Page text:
Molniya orbit



[′mōl·nē·ə ‚ȯr·bət]
(aerospace engineering)
An earth satellite orbit designed for communications satellite service coverage at high latitudes, with an orbital period of slightly less than 12 hours (semisynchronous orbit), inclination of 63.4°, and high eccentricity (0.722), so that the apogee (where the satellite lingers over the service coverage area) is at 25,000 miles (40,000 kilometers) and the perigee is at only 300 miles (500 kilometers).
References in periodicals archive ?
A significant drawback associated with the 12-h Molniya orbit is the risk linked to hazardous levels of ionizing radiation due to passing the Van Allen belts.
This thickness of aluminum shielding is nearly 50% smaller than for the 12-h Molniya orbit.
significantly higher than the 12-h Molniya orbit value (-500 km)].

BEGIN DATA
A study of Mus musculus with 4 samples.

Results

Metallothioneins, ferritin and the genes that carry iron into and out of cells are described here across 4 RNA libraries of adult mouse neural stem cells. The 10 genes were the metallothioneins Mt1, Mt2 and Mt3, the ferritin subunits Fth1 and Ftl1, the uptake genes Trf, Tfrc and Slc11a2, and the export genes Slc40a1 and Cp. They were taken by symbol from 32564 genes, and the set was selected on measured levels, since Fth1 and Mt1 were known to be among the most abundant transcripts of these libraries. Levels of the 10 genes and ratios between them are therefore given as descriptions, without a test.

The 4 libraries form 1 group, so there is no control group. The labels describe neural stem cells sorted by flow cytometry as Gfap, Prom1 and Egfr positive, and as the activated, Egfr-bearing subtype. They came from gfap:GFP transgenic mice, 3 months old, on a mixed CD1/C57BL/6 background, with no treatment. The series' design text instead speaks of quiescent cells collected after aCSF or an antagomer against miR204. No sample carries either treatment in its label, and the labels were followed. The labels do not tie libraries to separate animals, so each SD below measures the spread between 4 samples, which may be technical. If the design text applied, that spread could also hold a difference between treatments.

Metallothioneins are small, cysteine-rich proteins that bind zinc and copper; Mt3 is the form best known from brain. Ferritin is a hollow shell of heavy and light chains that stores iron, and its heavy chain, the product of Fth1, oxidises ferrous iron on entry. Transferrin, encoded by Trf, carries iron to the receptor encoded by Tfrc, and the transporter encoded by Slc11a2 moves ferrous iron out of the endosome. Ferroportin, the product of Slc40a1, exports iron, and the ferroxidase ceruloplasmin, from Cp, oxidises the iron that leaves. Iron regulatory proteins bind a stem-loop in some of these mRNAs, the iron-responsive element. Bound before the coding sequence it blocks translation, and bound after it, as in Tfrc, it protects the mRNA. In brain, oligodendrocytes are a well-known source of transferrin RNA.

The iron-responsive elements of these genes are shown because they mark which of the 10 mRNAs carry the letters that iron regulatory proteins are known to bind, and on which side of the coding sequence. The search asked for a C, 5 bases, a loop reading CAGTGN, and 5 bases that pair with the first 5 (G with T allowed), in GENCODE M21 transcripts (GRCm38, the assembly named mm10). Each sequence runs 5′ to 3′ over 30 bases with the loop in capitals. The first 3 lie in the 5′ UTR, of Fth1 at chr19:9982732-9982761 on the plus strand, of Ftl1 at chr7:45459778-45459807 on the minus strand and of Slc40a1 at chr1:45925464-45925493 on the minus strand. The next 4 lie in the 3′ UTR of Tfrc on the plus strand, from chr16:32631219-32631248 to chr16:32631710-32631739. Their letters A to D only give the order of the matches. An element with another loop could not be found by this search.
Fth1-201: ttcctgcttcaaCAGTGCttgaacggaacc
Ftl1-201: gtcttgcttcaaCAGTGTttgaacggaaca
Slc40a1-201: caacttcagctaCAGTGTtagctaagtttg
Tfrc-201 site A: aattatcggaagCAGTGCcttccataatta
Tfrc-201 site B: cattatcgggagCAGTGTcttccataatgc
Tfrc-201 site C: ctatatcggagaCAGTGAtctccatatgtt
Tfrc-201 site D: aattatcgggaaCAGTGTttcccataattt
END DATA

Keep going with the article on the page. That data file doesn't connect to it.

Garand, 2011: Spatial and temporal sampling of polar regions from two-satellite system on Molniya orbit.
Eventually, such sensors should track all foreign satellites, but the geostationary orbit is a logical first step, given that the GSSAP will have access to nearly 600 satellites while many low Earth orbits (LEO) and even Molniya orbits contain only one or a few satellites.
Highly elliptical orbits, such as Molniya orbits, tend to have perigees in this range as well.
The KLC complex, with launch azimuths from 110 degrees to 220 degrees (from true north), was designed to provide launch support for polar, sun synchronous, tundra and molniya orbits and long-range suborbital ballistic missions.